A proposal to refurbish and expand the 93-year-old Rocky Hill in Goulburn has been approved, with work expected to commence later this year.
The rejuvenation project was green-lit by the NSW regional council after receiving a “Building Better Regions Fund” federal grant in 2017.
Architecture firm Crone responded to Goulburn Mulwaree Council’s brief with a contemporary design which involved a new structure to complement the existing museum that once served as the caretaker’s cottage.
“Rocky Hill Memorial Museum is a unique project due to the location and history of the site and we are honoured to be involved,” Crone principal Niall Durney said.
“Our concept approach was to complement the existing memorial tower and position the new museum in a location to enhance public experience.”
Crone’s design incorporated mirrored cladding elements to their new textured concrete structure to reflect the surrounding landscape.
Native grass plantings on the roof mimic the surrounding rugged landscape and help to blend the new building into the rocky escarpment, particularly when viewed from the memorial tower above.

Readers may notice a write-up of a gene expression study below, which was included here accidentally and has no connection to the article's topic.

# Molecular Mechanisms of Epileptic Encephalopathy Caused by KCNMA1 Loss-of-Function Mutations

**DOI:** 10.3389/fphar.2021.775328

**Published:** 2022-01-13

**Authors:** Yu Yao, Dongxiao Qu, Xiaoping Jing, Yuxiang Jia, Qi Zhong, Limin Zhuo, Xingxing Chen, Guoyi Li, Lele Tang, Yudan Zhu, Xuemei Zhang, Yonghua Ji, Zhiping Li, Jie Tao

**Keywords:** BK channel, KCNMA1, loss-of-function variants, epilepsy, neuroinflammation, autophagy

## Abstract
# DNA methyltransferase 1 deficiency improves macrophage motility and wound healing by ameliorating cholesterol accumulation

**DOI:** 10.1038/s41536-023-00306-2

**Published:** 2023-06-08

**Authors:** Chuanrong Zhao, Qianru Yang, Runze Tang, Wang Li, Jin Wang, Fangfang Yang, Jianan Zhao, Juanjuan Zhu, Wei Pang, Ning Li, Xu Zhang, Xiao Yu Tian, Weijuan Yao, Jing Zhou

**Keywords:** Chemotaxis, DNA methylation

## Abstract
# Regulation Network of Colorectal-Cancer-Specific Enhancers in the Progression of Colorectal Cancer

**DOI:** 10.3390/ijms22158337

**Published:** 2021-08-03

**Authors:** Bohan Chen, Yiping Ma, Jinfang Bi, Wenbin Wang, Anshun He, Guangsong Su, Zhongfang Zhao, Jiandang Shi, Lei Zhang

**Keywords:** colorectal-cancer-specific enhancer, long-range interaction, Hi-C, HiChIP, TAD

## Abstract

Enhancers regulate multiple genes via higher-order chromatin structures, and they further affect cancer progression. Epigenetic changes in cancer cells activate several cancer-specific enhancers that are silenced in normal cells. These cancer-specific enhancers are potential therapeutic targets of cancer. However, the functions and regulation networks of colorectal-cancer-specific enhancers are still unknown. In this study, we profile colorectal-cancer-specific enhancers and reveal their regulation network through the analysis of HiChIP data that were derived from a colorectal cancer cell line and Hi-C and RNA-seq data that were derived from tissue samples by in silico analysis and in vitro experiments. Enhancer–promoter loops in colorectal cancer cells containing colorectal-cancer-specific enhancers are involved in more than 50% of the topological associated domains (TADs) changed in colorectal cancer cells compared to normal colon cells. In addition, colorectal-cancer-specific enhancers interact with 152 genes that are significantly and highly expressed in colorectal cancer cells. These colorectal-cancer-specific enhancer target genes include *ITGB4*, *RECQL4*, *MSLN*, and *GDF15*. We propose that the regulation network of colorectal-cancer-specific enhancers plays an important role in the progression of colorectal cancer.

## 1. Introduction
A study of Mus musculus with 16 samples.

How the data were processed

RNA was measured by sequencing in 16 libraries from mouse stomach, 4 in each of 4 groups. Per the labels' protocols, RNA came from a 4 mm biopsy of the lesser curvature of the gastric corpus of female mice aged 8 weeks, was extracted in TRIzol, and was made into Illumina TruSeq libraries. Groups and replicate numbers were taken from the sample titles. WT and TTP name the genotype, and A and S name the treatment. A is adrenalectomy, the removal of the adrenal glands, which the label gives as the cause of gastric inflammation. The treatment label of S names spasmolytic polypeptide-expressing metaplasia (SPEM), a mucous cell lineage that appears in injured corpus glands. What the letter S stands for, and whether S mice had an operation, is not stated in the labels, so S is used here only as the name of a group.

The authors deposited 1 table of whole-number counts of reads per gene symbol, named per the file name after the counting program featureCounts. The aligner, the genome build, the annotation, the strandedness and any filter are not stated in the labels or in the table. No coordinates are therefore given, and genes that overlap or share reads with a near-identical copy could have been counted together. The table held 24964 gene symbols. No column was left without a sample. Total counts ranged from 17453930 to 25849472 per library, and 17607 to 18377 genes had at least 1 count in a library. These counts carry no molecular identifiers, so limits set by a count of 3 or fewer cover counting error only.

All of the materials in the design were selected to comply with the region’s stringent bushfire controls.
The lookout gallery at the top of the Memorial provides views over the city of Goulburn and surrounding district.
The nearby Rocky Hill Museum holds a collection of objects, memorabilia, military heraldry and technology, allocated to the city of Goulburn after the First World War, as well as collections related to Goulburn’s association with subsequent wars.
Goulburn Mulwaree Mayor Bob Kirk said the modern design elements would be fitting with the landscape of Rocky Hill, whilst also blending in modern elements and finishes.
“Around 25,000 people visit our Rocky Hill War Memorial Museum each year and the concept for expansion would allow us to accommodate further touring groups, as well as attract touring exhibitions – in turn further lifting visitation numbers and the economic benefits for the region.”